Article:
I must admit only a passing interest in Greek mythology in, what was it, sophomore English? Okay, I get it. There are references to it in real life. There was a Zephyr filling station on the west side, out of business and in disrepair, but by golly, I recognized the reference to Greek mythology.
Of course there are others, and I recognize most of them (except the ones I don’t recognize, which means maybe don’t recognize most of them, but then again…yeah, whatever.) Get to the point.
Here’s the point: My passing interest is now alive and growing. The Lightning Thief by Rick Riordan brought back a lot of the stories I (vaguely) remember and gave them a whole new life. Perceus – Percy – Jackson is a kid who, due to a combination of ADHD and dyslexia and family history, gets himself kicked out of schools. Six of them in six years. In chapter one readers meet Percy, his gimpy best friend Grover, and a teacher, Mr. Brunner, who constantly pushes Percy to learn his Latin and Greek mythology.
Continuing chapter one, on a field trip to the Metropolitan Museum of Art, another teacher, Mrs. Dodds, transforms to a “shriveled bat with wings and claws and a mouth full of yellow fangs” and is about to kill Percy beside the marble frieze of Greek gods. Mr. Brunner appears, tosses Percy a pen which amazingly becomes a sword, and after the former Mrs. Dodds says, “Die, honey!” Percy does the only thing he can do. Slice her through the middle. She vaporizes, the sword is a pen again, and nobody else even has a clue what happened.
Mysteries are eventually explained as readers, and Percy, learn he is a half-blood, son of a god and a human. There are attacks from monsters, introductions to the gods and other mythical characters and locations, an explanation of how these characters continue to escape notice from humans, and even mythologically accurate swearing (“Oh, Styx!”). Mount Olympus is up 600 floors in the Empire State Building, and Hades is beneath Los Angeles. (Well, how about that? The City of Angels. Hades. Seems appropriate, yet ironic.)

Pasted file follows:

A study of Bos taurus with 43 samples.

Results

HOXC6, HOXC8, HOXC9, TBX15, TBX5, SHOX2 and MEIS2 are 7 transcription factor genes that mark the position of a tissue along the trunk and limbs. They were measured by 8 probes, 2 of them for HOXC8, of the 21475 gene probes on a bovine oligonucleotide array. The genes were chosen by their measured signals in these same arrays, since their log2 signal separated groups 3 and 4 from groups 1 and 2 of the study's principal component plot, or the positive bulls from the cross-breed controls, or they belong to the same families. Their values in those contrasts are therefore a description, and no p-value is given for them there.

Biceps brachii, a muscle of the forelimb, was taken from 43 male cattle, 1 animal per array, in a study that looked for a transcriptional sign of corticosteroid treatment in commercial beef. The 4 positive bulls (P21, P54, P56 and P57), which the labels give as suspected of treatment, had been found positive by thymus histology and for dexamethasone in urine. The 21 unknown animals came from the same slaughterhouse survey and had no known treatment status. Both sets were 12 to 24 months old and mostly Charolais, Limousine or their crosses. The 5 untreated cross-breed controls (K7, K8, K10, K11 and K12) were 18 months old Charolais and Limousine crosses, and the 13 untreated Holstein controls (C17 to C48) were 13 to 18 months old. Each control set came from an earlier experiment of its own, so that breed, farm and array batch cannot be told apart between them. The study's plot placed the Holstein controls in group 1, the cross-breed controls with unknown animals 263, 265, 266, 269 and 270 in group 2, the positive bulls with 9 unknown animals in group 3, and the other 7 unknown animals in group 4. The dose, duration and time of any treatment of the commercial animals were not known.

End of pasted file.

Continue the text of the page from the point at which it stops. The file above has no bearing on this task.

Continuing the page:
Upon arriving at Camp Half-Blood, a summer camp for demigods, Percy learns that Zeus’s master lightning bolt has been stolen. Other gods are accused, including Percy’s father, schemes form, and an all-out war between the gods seems imminent if Zeus’s bolt is not returned by the summer solstice. Percy is sent on a quest with Grover, now known to be a satyr, and Annabeth, daughter of Athena, to find and return the stolen bolt.
There are currently four books in the Olympians series, with a fifth one planned for spring of 2009. Having only finished one and a half, I can’t fully comment on the series as a whole. I can say, however, that if all the books have the same excitement and adventure, this is a series that will continue to absorb readers.
Finally, thanks to Anonymous for recommending the books in his/her comments.